In the US, quarterly earnings reports are a responsibility as old as the Securities and Exchange Commission itself: public companies have been required to file them since 1934. Corporate short-termism, in which executives prioritize quarterly successes over long-term goals, has become a bugbear of industry leaders and policy makers alike—leading some to suggest getting rid of quarterly reports altogether. The Initiative on Global Markets at Chicago Booth ran an Economic Experts Panel poll on the idea.
Do leading economists think that filing earnings reports annually, as opposed to quarterly, would induce executives to place a higher priority on long-term issues? Nearly 40 percent agree or strongly agree. Do they think such a switch would present a net benefit to shareholders? That’s another story—nearly 30 percent disagree or strongly disagree.
Oliver Hart of Harvard agreed, with a caveat: “I am in favor of letting firms do this, but only if it is part of their charter or approved by their shareholders. It should not be a blanket rule.”
Kenneth Judd of Stanford, however, strongly disagreed, with a critical eye to accountability: “This would increase the information difference between insiders and outsiders. Management would have more time to hide their mistakes.”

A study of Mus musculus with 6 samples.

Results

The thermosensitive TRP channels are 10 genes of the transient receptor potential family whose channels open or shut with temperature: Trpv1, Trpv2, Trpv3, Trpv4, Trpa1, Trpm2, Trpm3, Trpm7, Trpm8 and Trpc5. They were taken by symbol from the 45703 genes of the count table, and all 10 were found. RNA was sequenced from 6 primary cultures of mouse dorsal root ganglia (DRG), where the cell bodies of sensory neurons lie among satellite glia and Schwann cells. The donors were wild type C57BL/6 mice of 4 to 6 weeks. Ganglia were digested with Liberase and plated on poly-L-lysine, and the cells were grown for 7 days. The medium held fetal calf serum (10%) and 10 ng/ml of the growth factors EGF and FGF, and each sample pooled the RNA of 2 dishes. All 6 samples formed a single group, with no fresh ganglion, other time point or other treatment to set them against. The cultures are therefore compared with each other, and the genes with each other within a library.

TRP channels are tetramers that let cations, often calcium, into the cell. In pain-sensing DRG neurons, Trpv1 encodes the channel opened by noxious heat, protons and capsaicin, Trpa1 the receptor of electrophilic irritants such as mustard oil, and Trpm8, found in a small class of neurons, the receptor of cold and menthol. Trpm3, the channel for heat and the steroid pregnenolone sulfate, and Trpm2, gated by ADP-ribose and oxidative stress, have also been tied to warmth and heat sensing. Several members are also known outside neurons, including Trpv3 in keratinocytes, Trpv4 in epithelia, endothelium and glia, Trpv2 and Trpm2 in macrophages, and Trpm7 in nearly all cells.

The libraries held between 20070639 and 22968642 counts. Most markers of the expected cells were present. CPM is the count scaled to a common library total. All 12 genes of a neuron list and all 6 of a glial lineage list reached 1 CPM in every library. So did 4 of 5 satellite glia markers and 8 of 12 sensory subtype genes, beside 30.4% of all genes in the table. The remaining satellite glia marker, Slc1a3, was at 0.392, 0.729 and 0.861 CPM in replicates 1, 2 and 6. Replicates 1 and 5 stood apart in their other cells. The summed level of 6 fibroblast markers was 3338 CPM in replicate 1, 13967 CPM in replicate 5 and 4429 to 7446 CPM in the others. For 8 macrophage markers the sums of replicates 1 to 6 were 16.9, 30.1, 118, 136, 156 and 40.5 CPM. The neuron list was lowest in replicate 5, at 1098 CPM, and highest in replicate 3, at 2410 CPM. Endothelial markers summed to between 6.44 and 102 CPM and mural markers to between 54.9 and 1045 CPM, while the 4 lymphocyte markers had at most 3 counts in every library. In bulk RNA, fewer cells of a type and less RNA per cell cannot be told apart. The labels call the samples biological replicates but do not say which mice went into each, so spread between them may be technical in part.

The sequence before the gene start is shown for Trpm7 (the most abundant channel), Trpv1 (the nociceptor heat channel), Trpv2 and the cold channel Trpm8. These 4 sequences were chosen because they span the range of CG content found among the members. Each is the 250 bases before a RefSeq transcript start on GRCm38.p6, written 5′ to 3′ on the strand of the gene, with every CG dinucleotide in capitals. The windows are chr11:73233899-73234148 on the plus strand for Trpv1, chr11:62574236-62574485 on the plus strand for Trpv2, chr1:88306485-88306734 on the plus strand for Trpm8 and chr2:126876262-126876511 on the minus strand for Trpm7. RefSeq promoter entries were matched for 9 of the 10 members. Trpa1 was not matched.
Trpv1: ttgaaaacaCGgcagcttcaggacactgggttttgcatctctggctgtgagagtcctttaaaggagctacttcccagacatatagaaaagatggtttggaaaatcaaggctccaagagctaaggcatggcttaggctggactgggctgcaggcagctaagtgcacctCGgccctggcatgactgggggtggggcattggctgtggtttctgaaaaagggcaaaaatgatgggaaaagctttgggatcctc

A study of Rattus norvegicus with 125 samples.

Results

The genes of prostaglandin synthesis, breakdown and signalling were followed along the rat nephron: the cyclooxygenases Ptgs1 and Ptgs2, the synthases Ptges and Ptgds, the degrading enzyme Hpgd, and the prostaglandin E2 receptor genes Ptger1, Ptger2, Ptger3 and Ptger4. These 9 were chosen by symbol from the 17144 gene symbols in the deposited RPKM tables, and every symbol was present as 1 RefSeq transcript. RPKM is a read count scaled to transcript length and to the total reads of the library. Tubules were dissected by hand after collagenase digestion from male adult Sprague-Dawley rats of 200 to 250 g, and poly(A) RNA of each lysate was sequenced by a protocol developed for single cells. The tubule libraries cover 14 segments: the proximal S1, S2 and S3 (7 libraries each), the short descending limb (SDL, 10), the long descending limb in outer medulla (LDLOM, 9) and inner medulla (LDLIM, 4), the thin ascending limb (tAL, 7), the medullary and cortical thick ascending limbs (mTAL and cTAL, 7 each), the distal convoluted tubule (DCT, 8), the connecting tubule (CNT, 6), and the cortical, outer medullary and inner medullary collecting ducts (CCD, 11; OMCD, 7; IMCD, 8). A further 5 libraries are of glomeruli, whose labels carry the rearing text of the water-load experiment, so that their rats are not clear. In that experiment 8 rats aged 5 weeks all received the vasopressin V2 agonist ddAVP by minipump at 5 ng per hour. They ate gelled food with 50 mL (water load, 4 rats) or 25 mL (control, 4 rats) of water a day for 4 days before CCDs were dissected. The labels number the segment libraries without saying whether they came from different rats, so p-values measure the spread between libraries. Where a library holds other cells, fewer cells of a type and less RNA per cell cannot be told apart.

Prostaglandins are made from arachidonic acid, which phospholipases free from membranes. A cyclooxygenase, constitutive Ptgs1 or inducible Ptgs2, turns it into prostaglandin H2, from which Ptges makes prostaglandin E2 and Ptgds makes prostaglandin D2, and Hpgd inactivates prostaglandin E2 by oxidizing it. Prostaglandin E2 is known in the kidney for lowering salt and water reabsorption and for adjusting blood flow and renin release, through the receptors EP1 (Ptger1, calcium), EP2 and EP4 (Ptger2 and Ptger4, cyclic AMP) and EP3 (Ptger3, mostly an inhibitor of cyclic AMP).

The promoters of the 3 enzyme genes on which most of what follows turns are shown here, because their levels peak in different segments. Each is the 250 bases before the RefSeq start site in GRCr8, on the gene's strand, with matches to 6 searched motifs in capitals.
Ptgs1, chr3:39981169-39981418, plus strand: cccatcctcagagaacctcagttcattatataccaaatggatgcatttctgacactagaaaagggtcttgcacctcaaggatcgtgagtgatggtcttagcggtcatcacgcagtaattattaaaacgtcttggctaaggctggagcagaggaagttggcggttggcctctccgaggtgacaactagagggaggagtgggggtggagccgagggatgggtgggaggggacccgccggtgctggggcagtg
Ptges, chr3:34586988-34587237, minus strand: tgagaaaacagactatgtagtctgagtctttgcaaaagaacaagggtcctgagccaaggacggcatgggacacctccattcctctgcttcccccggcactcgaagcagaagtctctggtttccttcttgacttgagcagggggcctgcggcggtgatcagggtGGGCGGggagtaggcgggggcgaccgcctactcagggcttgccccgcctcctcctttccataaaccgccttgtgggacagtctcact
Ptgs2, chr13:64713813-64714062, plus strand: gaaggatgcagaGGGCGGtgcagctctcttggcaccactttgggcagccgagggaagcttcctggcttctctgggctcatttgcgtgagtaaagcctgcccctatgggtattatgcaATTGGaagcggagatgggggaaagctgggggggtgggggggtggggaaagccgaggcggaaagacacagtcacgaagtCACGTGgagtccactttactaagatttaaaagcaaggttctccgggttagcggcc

Caroline Hoxby, Judd’s colleague at Stanford, disagreed on different grounds: “Smart investors are perfectly capable of evaluating firms using a combination of multiple quarterly reports.”
Robert Hall of Stanford disagreed: “Public markets need certified disclosure regimes. Businesses that are harmed by disclosure should be private.”
Bengt Holmstrom of MIT strongly disagreed: “One year [is] far too infrequent for well-functioning markets.”
Larry Samuelson of Yale remained uncertain: “The modest push toward better weighting of long-term issues must be balanced against the attendant loss of information and accountability.”